Thursday, March 17, 2011

Gun Sacks and Gun Cases

An early 19th century image showing a cloth gun case from:

As we go down the list of items for our DIY Va backcountry kit build, we come to a fairly difficult to document item, the gun sack or gun case (perhaps a useful thing on horseback and foul weather?).

From the David Hastings' (Hastings) inventory:

"1 Gun Case"

from the Militia Roster of Capt. Shelby:

"1 gun sack"

and from The Papers of Archibald D. Murphey: we get to mounted use of a "boot" (thanks to Steve R for this quote and some of the image leads!)

As soon as Genl. Davidson was advised of the British army again advancing, he ordered out the next detachment which was detailed for duty from the counties1 under his command to rendezvous between Charlotte and the Catawba River. On the 19th, he received information of Tarlton's defeat at Cowpens. On the 21st a party of twenty Whigs who lived in the country South-East of the Cowpens (but had not been in the fight) brought into our camp twenty-eight prisoners, British stragglers, whom they had taken, most of whom were wounded—they were sent on eastwardly the same day. Genl. Davidson being advised of the rapid advance of the British army, and the Troops joining him, being all infantry, and Genl. Greene having appointed Col. Davie to superintend the commissariat department, directed Adjutant Graham, who had now recovered of his wounds received in advance of Charlotte on the 26th September to raise a company of Cavalry, promising that those who furnished their own horses and equipments and served six weeks, should be considered as having served a tour of three months, the term of duty, required by law. In a few days he succeeded in raising a company of fifty-six, mostly enterprising young men, who had seen service, but found it difficult to procure arms. Only fortyfive swords could be produced, and one half of them were made by the country Blacksmiths. Only fifteen had pistols, but they all had rifles. They carried the muzzle in a small boot, fastened beside the right stirrup leather, and the butt ran through the shot bag belt, so that the lock came directly under the right arm. Those who had a pistol, carried it, swung by a strap, about the size, of a bridle rein, on the left side, over the sword,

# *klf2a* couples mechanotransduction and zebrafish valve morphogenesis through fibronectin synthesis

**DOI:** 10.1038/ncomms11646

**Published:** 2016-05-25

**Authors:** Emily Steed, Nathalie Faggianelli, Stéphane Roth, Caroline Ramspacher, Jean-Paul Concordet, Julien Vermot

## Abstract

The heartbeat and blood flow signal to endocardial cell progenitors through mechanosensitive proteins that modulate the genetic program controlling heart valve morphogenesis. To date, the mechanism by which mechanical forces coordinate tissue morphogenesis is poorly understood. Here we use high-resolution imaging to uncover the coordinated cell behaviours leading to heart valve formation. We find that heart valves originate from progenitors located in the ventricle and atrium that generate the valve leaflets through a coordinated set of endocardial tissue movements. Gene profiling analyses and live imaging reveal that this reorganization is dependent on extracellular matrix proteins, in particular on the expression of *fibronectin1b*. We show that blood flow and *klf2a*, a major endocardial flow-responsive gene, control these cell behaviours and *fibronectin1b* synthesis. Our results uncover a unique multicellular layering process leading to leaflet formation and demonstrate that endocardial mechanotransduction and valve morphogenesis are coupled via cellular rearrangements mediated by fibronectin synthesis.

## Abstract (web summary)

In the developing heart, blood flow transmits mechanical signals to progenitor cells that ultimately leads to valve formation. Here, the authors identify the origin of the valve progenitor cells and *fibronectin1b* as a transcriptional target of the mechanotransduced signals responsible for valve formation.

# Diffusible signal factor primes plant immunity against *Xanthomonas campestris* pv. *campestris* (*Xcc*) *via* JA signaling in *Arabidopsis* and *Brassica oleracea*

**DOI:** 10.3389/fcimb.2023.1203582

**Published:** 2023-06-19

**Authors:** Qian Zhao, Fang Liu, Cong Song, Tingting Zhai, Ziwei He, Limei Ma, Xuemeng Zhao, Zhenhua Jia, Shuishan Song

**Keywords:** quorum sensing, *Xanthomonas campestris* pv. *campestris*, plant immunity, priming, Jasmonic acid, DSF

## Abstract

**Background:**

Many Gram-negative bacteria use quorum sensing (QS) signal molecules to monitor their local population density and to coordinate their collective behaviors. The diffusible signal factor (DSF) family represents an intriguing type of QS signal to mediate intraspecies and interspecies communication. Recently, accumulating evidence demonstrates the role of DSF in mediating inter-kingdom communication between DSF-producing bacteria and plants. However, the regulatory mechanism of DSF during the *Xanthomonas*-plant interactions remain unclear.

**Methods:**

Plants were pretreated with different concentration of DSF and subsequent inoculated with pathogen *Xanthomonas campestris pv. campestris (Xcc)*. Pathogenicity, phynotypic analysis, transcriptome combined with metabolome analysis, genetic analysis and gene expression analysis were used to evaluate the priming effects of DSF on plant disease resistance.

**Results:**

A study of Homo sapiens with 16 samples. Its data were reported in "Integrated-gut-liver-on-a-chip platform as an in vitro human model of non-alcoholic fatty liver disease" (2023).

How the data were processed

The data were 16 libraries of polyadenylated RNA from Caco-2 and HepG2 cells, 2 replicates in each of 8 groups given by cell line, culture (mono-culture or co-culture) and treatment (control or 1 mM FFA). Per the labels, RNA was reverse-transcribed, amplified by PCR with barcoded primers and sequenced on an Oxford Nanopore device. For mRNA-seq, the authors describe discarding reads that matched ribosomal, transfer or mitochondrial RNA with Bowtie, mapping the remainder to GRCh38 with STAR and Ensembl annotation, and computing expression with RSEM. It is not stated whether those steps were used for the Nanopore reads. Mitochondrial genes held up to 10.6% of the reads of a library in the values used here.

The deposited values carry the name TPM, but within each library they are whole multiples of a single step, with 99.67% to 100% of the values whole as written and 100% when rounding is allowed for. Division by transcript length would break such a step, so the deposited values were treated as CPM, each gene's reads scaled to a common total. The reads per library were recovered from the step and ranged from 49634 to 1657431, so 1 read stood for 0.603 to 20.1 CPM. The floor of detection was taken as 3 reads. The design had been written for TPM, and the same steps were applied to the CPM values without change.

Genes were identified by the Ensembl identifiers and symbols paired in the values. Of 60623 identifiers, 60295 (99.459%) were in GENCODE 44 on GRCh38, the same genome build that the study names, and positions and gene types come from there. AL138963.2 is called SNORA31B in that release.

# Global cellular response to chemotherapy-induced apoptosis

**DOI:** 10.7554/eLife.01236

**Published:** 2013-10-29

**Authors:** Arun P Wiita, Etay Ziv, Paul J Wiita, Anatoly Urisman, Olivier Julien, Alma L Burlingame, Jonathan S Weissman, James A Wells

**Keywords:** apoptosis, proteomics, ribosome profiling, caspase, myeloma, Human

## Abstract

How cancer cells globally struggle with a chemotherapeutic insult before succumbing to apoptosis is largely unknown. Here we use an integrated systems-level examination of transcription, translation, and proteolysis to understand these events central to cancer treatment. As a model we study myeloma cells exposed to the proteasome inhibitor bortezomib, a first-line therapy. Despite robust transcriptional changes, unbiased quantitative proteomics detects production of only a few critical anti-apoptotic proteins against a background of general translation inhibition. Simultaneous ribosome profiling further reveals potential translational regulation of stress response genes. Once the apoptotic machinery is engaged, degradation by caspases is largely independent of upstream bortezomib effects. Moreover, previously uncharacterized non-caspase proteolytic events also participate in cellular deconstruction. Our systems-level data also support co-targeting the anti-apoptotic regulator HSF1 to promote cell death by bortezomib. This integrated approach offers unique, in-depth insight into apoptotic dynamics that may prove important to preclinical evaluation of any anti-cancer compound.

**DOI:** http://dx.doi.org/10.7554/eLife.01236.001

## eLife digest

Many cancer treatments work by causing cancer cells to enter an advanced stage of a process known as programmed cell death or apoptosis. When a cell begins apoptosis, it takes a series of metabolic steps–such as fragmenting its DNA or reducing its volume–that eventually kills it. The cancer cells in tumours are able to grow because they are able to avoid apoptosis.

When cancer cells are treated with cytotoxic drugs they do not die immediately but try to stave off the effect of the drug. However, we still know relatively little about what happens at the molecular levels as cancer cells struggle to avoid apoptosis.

This boot likely looked something like the one from this image of the 10th Light Dragoons by Stubbs:

As for the conjectural repros- we have a few period images to review:

Diderot's Trunk maker (see top left, likely leather):


Zoffany provides us with another look (likely a textile) c1765:

From the Henry Laurens Papers: "a fowling piece under a Woolen cover"

(p584 Laurens to William Penn letter dated 2d June 1769).

Further info can be found in an article entitled PRIMARY SOURCE DOCUMENTATION FOR MUSKET AND RIFLE CASES Compiled by Joseph Ruckman that is in the files section of Rev List, which includes further citations on leather and woolen cases (includes French and English citations both before and after our target date of the third quarter of the 18th century).


For my conjectural reconstruction, I chose a case of wool sized for my gun (I'd suggest sticking with the very common white, blue or red wool barring documentation to the contrary)- basically a long rectangle with one end left open that could be tied shut with a bit of tape or string. I back stitched the cloth with linen thread, turned that inside out and then secured the openings for the string with a coarse button hole stitch.